From competitors to collaborators, the FinTech boom introduced a field of opportunity for traditional financial institutions to team up with an industry newcomer to become more agile and modern with their own product offerings.

While FinTechs are, in many ways, useful allies to banks, traditional FIs can also be a critical partner to FinTechs that lack the resources or opportunity to acquire their own banking license. According to Lukas Diehl, head of marketplace banking at Germany-based Varengold Bank, said the bank-FinTech collaborative model is particularly important for today’s alternative lenders and other FinTechs amid uncertainty about their growth prospects.

In a recent conversation with PYMNTS, Diehl noted that FinTechs are in a unique position to compete against traditional lenders, and the pandemic doesn’t take away from their ability to provide what is often a more favorable customer experience than that of a traditional lender.

“On the other hand,” he added, “the pandemic doesn’t just spare FinTechs. They, too, experience tough challenges.”

Financing Burdens

While alternative and digital lending FinTechs can be a more agile option for borrowers, the way these FinTechs manage their own loan portfolios can become a particularly burdensome process that Diehl said threatens to take these companies’ focus away from their goal of enhancing borrower experiences, and toward back-office logistics.

“FinTechs typically do not have a huge balance sheet, and it can be very expensive for them to use a large amount of equity to finance their loan portfolio and keep growing,” he explained.

This is where a bank collaboration can become particularly valuable. Varegngold recently announced its own partnership with Wirecard to service joint FinTech clients with a range of financial services.

For Varengold, the offering means connecting FinTechs to debt to refinance their loan portfolios and scale up, as well as white-labeled payments tools. Wirecard, meanwhile, will offer its Banking-as-a-Service offerings, which include prepaid card issuing, loan services, digital banking tools and more.

It’s a tie-up that aims to provide financial services for FinTechs to bolster their own FinServ offerings, and by coordinating lending with Banking-as-a-Service (BaaS), Diehl noted that FinTechs can gain access to services that are integrated and standardized with each other to promote the agility FinTechs offer their own clients.

“Both strings — BaaS and lending — must be combined, and workflows between the involved parties established,” he said.

Readying For Uncertainty

Connecting FinTechs with funding to refinance their own loan portfolios will be an important part of helping these businesses survive the current volatile climate, noted Diehl.

“Many FinTechs are not yet profitable and consequently need further equity to grow,” he said. “The current crisis makes it harder to raise that equity.”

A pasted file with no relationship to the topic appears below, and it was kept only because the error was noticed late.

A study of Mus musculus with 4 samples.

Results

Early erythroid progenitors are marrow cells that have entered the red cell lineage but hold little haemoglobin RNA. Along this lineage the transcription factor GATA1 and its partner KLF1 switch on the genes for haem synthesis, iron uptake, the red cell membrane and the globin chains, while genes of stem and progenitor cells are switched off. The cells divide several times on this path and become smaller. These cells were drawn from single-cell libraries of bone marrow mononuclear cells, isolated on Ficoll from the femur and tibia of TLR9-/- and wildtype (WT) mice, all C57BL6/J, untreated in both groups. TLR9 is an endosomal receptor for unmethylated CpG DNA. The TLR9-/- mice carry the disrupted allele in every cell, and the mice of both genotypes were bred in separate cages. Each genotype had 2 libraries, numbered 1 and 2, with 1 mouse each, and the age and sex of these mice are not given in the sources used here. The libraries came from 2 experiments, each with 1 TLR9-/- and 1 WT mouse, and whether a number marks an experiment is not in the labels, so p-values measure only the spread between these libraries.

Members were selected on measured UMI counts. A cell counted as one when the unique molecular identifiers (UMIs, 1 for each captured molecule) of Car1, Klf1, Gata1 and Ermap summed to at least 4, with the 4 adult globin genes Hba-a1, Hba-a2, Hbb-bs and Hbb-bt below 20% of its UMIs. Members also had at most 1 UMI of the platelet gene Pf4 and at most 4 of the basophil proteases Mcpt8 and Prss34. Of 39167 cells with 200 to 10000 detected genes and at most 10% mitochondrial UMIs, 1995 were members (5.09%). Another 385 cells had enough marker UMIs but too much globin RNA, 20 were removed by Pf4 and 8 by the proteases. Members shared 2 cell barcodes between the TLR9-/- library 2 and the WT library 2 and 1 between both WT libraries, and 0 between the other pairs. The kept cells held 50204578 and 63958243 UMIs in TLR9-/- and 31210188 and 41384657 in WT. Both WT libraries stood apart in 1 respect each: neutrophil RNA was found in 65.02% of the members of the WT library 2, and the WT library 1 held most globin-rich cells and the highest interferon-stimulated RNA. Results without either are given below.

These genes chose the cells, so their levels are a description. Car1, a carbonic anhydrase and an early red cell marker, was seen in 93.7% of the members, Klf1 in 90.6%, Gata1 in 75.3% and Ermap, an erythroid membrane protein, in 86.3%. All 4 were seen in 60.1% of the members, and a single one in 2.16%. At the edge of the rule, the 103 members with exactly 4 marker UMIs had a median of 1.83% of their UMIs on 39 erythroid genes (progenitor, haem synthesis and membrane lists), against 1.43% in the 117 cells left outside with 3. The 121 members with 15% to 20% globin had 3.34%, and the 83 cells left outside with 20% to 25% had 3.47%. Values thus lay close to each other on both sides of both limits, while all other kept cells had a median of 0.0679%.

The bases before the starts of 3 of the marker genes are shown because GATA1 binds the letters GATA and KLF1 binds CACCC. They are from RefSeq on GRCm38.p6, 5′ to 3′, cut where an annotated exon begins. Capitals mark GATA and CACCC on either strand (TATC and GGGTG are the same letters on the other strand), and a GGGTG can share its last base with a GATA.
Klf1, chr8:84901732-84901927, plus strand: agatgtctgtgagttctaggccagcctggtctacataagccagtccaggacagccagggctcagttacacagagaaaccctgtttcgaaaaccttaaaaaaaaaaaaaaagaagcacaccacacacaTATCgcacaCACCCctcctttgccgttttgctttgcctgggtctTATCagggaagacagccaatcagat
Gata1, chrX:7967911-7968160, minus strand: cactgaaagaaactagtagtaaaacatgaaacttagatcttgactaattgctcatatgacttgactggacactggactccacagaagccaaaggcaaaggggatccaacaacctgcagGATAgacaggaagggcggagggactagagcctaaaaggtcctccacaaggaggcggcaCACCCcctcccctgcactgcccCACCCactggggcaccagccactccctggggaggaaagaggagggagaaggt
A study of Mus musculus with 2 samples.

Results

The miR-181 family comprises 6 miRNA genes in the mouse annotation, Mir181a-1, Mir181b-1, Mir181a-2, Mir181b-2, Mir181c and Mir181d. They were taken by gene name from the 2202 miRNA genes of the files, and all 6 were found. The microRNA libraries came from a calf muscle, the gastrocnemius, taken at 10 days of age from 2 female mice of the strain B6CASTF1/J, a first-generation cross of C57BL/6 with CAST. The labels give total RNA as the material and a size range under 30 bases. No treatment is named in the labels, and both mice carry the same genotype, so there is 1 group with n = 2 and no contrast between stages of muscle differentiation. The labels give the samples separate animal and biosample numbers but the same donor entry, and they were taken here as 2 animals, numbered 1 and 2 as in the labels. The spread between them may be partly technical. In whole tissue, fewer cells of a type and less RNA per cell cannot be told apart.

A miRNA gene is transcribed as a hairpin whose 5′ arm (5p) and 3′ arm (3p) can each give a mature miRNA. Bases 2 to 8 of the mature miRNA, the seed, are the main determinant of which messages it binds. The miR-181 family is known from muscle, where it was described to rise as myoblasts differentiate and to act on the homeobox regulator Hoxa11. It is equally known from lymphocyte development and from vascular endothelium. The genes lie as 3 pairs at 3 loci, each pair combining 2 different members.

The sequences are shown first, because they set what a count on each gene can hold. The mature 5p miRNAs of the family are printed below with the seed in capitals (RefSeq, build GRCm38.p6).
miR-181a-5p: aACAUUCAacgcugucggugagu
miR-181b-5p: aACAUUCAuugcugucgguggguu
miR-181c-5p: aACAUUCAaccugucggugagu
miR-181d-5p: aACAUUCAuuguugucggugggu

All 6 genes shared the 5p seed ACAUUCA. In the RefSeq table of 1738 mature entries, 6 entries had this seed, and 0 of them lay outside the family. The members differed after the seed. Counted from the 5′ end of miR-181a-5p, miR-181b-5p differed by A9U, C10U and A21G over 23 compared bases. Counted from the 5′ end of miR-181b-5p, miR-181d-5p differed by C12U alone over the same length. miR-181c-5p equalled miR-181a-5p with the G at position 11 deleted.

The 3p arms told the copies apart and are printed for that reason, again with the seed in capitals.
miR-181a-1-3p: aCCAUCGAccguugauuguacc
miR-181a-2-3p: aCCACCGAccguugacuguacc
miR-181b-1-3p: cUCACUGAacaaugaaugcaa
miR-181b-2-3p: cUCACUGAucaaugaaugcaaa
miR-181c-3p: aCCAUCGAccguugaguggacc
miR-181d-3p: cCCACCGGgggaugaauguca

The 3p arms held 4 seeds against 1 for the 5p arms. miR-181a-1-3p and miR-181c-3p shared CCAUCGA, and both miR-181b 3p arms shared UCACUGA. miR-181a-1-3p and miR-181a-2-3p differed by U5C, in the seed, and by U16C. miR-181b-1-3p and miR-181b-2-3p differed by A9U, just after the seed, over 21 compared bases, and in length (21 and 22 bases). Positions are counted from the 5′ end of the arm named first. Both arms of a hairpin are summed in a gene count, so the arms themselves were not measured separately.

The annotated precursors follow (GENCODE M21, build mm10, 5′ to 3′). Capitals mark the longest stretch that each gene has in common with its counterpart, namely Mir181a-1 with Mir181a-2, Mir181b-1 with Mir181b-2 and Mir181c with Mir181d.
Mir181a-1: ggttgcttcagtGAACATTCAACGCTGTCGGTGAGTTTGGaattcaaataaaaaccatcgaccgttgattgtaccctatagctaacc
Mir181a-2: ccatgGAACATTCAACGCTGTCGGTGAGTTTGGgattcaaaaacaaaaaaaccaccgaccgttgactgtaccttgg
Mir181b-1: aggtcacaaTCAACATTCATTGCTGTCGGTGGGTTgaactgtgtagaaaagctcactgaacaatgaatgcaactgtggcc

For many of these tech-centered players, this marks the first economic downturn that will test their balance sheets, risk management tactics and business models, and will undoubtedly impact each FinTech in different ways. Ultimately, economic recovery will likely uncover which business and risk models succeeded, and which failed.

As FinTechs wait to see which category they fall under, collaborating with licensed banks could present an opportunity beyond refinancing their own loan portfolios.

That collaboration can take many forms, too. Open banking initiatives, for instance, can enable FinTechs to unlock bank data to strengthen their own risk and scoring strategies and embrace business model flexibility without being tied to banks’ contractual obligations as a result of strategic partnerships or acquisitions, said Diehl.

Overall, coexisting in an ecosystem for both banks and FinTechs can be a mutually beneficial arrangement. Banks continue to embrace the opportunities in integrating user-friendly digital products and services through FinTech partnerships, acquisitions and open banking agreements.

In some markets where the regulatory climate has allowed it, FinTechs are beginning to explore a different path: acquiring their own banking license. There may be value in not having to depend on a traditional bank, but according to Diehl, going it alone may not be the smartest move for FinTechs today.

“A banking license means heavy investments outside of one’s core product offering and into back- and middle-office functions,” he said. “It also means having to deal with complex regulatory and compliance-related points. It’s probably more beneficial for FinTechs to remain focused on creating unique offerings to their clients, while we take care of the bank-related matters.”

With market volatility adding financial pressure on many FinTechs, the current climate means these companies stand to benefit from working with traditional FIs to preserve cash flows, without having to sacrifice maintaining focus on their value prospects. Remaining agile, digital-native, and user-friendly will be key to enduring the market downturn and thriving into the future.